Bruce Springsteen has been, for more than 35 years, one of the great chroniclers of American working-class life. But until recent years, though, his songs only rarely connected the dots between the pains of that life and economic inequality and oppression. In recent years he has moved toward that, both in his public statements and his music, but Wrecking Ball, due out on Tuesday but already widely previewed (licitly and illicitly) online, contains some of the most political music he's written. It is also, in places, deeply gospel-inflected, with the political and spiritual knitting into a moral argument. We may be lost, individually or as a society, we may be oppressed and barely clinging to hope. But we can't believe either that it's good enough for things to be better in the next world (there's no "you'll get pie in the sky when you die" on Wrecking Ball) or that the fight for something better in the here and now is anything but a fight for our souls and the soul of the nation.
"Death to My Hometown" is perhaps the strongest such political statement (and, to my biased ear, the strongest song) on the album, beginning as a riddle: "No bombs fell from the sky, no blood soaked the ground" but "just as sure as the hand of God they brought death to my hometown." We don't know through most of the song who brought the death Springsteen sings about in clipped, bitter tones to music that alternates between a spare, driving beat and a more lush, swinging sound with the thread of a choir just audible beneath Celtic instrumentation. But death doesn't sound like a metaphor here. He is angry and he is mourning. Then, late in the song, we get the answer: It's robber barons, "greedy thieves who came around/And ate the flesh of everything they found." They, the robber barons, brought this blood-free death, and they'll be returning. Springsteen's voice drives through the final indictment; "Whose crimes have gone unpunished now/Who walk the streets as free men now," the final "now" echoing, reinforcing that while there is a death to be mourned, there is also an ongoing injustice. The song ends with another swell of that choir—a revolution? a funeral? some of both?
(Except that—and this is where my bias comes in—it's not a choir. It's a Sacred Harp convention, as recorded by Alan Lomax in Alabama in 1959 and I have sung that song with people who were there that day and, I would be remiss not to note, wrote a book partially inspired by the 1999 meeting of that same convention Lomax recorded and Springsteen samples.)
But "Death to My Hometown" has company on Wrecking Ball as a political song. As on so many earlier Springsteen albums, Wrecking Ball is populated by characters speaking to us, telling their stories. Those stories were never as bright and hopeful as their often-anthemic settings made casual or careless listeners think, but they've gotten darker and again, point a finger at the causes of the darkness. In "Jack of All Trades," a man lists all the jobs he does in the effort to survive, assuring that "I'm a jack of all trades, honey, we'll be all right." But despite that reassurance, despite the comforting (or defeated? we can't quite tell) tone and the litany of work he can and will do, this struggle for survival has context—"The banker man grows fatter, the working man grows thin"—and, if at the time those lines are delivered they sound resigned, two verses later, the speaker voices his anger—"If I had me a gun, I'd find the bastards and shoot 'em on sight."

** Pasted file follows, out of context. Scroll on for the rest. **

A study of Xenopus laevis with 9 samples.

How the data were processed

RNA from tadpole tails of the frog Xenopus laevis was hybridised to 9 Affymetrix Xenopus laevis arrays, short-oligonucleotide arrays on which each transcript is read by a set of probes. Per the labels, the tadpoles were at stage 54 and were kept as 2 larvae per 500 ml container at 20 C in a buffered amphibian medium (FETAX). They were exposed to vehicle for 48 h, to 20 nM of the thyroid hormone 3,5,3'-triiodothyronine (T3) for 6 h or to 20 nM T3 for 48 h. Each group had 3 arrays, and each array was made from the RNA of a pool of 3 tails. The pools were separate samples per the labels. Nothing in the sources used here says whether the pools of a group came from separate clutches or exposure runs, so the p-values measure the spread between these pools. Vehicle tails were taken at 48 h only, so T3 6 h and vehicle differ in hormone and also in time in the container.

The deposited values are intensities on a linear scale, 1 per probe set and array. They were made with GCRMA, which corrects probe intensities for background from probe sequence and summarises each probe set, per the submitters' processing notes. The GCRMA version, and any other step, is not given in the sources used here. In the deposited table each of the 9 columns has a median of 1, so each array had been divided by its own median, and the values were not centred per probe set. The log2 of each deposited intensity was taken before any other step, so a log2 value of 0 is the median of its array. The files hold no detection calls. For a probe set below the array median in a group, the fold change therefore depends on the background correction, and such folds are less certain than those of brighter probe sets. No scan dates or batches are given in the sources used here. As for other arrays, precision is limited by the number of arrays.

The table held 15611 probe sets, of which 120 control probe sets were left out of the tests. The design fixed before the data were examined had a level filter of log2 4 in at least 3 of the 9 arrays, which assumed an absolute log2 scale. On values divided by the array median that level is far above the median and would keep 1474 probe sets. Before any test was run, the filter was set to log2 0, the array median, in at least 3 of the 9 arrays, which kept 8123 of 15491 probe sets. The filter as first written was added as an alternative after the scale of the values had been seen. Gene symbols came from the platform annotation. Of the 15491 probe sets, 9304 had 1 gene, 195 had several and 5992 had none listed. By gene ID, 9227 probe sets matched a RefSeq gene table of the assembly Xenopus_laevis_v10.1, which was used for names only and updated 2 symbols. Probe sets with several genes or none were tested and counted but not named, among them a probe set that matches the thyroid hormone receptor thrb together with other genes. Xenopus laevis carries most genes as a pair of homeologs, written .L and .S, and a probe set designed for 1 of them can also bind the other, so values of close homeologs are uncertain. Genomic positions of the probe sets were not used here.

The refrain, indeed almost the whole, of "We Take Care of Our Own" is "wherever this flag's flown/we take care of our own," lines that in another context could cross into jingoism, but the verses speak to abandonment—"From the shotgun shack to the Super Dome/There ain't no help, the cavalry stayed home"—and to seeking, seeking home and mercy and the "promise from sea to the shining sea." Repeated so many times it becomes more like a mantra than a mere chorus, "we take care of our own" becomes both a promise and a promise betrayed. Even in the meditative, spiritual-inflected "Rocky Ground," which begins with another sample from a Lomax recording, this one of "I'm a Soldier in the Army of the Lord" as performed by a Church of God in Christ congregation in Mississippi, bankers make an appearance as the money changers in the temple. With that reference and in the broader context of the album, the rocky ground we're traveling and the higher ground we seek become not necessarily heaven but a better world here.
While I'm engaging these songs on political grounds, that's something I'd only take the time to do because they've engaged me on musical grounds. Wrecking Ball is not Springsteen's greatest album ever—but saying that in the context of a career that has repeatedly reached greatness is not necessarily faint praise. Springsteen is attempting here to grapple with a shattered world, a more complex task than inhabiting the stories of young men beating against the walls of their lives; just seeing where those walls are and who built them makes it hard to build to the anthemic pitch of albums like Born to Run and Born in the USA, even as the voices in those songs often undermined the headlong flight embodied in the music. Even as compared with the mournful tone of earlier songs such as "Factory" and "The River," the songs on Wrecking Ball take on a difficult task. The range of the songs, from sorrow to anger to determination to hope, offer an emotional map for our time and our fight for something better. It's not a perfect map or a perfect album, but it's an important task and a good listen.